Within the past four years, sexual harassment and sexual assault allegations have increased immensely across the world. This is in part due to increased support from other survivors due to the #MeToo movement that begin in October 2017. The #MeToo movement erupted as a way for social media users to come forward with their own experiences of sexual harassment and/or sexual assault. In many sexual offense cases, the alleged sexual misconduct can go unreported for decades. Unfortunately, this can create a sense of doubt in the jury and a level of disreputability in the victim. Along with the controversy of delayed allegations, which can influence legal decision making of a jury, rape myths (false beliefs surrounding sexual misconduct) can often switch the blame from the perpetrator to the victim (Burt, 1980; Edwards et al., 2011). In turn, juries often find the accused “not guilty.”

Research on delayed reporting of sexual misconduct is limited when it comes to victims who experienced the sexual offense as an adult. In “The Effect of Delayed Reporting on Mock-Juror Decision-Making in the Era of #MeToo”, Fraser and colleagues (2021) were interested in understanding how the type of sexual offense (assault vs. harassment) and the length of time before reporting the offense (15 vs. 25 vs. 35 years) might influence mock-juror decision-making.

In their study, participants read an eight-page mock trial transcript which presented one type of sexual offense, and a specified delay in reporting of the offense. After reading, each participant was asked to rate the perception of the victim’s testimony on various aspects (i.e., honesty, accuracy, reliability, credibility, and believability), as well as the degree to which they thought the defendant was guilty or not guilty. Participants then completed the 22-item Illinois Rape Myth Acceptance (IRMA) scale to evaluate their level of agreeableness with different rape myths.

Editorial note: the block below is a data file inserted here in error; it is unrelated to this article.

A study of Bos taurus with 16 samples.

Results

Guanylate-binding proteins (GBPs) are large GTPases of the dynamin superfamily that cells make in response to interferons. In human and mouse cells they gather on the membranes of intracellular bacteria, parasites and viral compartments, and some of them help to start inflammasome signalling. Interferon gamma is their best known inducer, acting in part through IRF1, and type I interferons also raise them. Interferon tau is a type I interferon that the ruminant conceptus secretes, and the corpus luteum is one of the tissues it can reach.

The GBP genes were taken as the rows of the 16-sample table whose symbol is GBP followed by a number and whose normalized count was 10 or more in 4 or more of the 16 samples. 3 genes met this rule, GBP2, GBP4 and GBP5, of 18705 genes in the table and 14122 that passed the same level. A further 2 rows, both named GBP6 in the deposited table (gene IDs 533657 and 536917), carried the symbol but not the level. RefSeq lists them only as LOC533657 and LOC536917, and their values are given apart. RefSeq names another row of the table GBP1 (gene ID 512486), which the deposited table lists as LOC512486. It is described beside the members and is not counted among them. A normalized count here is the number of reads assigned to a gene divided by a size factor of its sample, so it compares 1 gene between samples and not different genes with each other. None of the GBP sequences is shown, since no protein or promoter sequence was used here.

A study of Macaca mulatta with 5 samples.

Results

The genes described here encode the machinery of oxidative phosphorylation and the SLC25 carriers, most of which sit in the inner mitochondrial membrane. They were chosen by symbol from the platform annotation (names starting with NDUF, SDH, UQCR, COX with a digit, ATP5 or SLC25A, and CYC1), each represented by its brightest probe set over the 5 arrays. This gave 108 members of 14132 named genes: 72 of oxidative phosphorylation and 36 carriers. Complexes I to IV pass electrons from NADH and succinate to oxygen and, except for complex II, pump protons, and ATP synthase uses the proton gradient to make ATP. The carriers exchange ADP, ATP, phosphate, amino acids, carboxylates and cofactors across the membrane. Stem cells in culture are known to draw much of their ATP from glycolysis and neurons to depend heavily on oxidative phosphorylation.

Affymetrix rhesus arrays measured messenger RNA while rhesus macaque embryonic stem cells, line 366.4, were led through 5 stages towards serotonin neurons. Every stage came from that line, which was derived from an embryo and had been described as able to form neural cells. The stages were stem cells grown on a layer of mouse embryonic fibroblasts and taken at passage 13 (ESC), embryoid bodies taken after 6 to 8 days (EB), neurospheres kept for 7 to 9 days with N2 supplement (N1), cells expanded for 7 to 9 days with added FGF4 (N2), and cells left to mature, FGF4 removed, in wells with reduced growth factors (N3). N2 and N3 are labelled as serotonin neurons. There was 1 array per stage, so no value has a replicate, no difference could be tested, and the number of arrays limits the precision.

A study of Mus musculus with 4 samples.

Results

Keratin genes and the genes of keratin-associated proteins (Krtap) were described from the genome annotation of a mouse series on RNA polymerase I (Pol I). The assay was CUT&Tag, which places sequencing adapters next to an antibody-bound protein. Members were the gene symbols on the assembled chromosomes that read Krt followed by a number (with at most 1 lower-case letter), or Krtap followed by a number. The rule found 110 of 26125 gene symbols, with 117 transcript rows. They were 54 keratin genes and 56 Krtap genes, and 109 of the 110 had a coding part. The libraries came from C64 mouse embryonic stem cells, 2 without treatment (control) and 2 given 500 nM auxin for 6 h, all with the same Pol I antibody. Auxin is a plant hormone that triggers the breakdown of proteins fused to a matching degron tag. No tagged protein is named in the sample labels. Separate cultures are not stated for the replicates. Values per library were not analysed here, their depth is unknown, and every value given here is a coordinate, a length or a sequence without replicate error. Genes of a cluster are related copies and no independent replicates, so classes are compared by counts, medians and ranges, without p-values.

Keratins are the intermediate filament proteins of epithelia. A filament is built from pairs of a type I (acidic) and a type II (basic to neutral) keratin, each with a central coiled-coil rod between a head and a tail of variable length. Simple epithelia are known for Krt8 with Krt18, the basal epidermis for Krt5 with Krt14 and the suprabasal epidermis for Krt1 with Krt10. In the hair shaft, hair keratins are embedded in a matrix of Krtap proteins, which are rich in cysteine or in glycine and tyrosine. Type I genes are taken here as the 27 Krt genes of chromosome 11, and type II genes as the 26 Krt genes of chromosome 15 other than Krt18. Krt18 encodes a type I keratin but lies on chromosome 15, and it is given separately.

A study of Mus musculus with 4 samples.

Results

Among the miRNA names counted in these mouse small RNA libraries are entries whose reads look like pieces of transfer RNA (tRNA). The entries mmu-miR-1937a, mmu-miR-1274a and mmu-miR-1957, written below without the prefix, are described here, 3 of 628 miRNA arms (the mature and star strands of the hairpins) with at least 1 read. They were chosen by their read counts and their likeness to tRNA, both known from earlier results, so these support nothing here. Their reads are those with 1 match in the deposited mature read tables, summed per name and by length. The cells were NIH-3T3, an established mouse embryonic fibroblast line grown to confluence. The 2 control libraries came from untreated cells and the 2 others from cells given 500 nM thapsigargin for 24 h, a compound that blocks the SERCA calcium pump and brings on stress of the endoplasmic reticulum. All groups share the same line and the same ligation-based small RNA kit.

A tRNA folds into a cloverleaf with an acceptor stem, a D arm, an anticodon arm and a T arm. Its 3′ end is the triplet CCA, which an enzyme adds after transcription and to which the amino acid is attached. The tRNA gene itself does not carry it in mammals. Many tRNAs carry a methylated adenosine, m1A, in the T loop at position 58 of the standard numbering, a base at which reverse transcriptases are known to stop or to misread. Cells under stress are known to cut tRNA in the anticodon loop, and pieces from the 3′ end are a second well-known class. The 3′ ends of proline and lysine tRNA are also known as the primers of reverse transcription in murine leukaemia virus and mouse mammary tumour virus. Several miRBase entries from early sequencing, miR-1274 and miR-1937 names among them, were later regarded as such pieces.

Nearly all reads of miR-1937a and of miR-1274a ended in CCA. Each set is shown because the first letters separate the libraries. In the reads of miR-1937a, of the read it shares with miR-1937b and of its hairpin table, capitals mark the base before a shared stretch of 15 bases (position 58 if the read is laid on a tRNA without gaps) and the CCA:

Results of the study indicated that delays in reporting matter in terms of the ultimate decision – delayed reporting resulted in fewer guilty verdicts, despite not influencing continuous guilt ratings or perceptions of either party. Thus, delays might not be changing perceptions of what the truth is, just verdict. Jurors were not impacted by type of sexual offense in their verdict or perceptions of guilt, however the defendant accused of sexual assault was perceived less favorably than the defendant accused of sexual harassment. Most participants had low rates of rape myth acceptance (as indicated by scores on the IRMA), which could mean that society is learning or that these participants might not be representative of a jury hearing these cases.

The results of this study emphasize the importance for victims to report sexual misconduct early. Legally, early reporting is also important because it is easier to find the truth when the evidence is fresh (which is why we have statutes of limitations). Physical evidence can disappear, memories can change. For innocent defendants, early reporting can also be beneficial so they can present better evidence (e.g., they might have better evidence of an alibi). More research should be done to fully investigate the result of delayed reporting, including experimental research such as this, but also real-world studies of cases. Hopefully, the #MeToo movement shows victims that they are not alone, and that reporting early is better. We obviously do not want to push for an assumption of guilt against defendants but encouraging early reporting will hopefully result in more accurate verdicts (i.e., finding the innocent not guilty and the guilty guilty).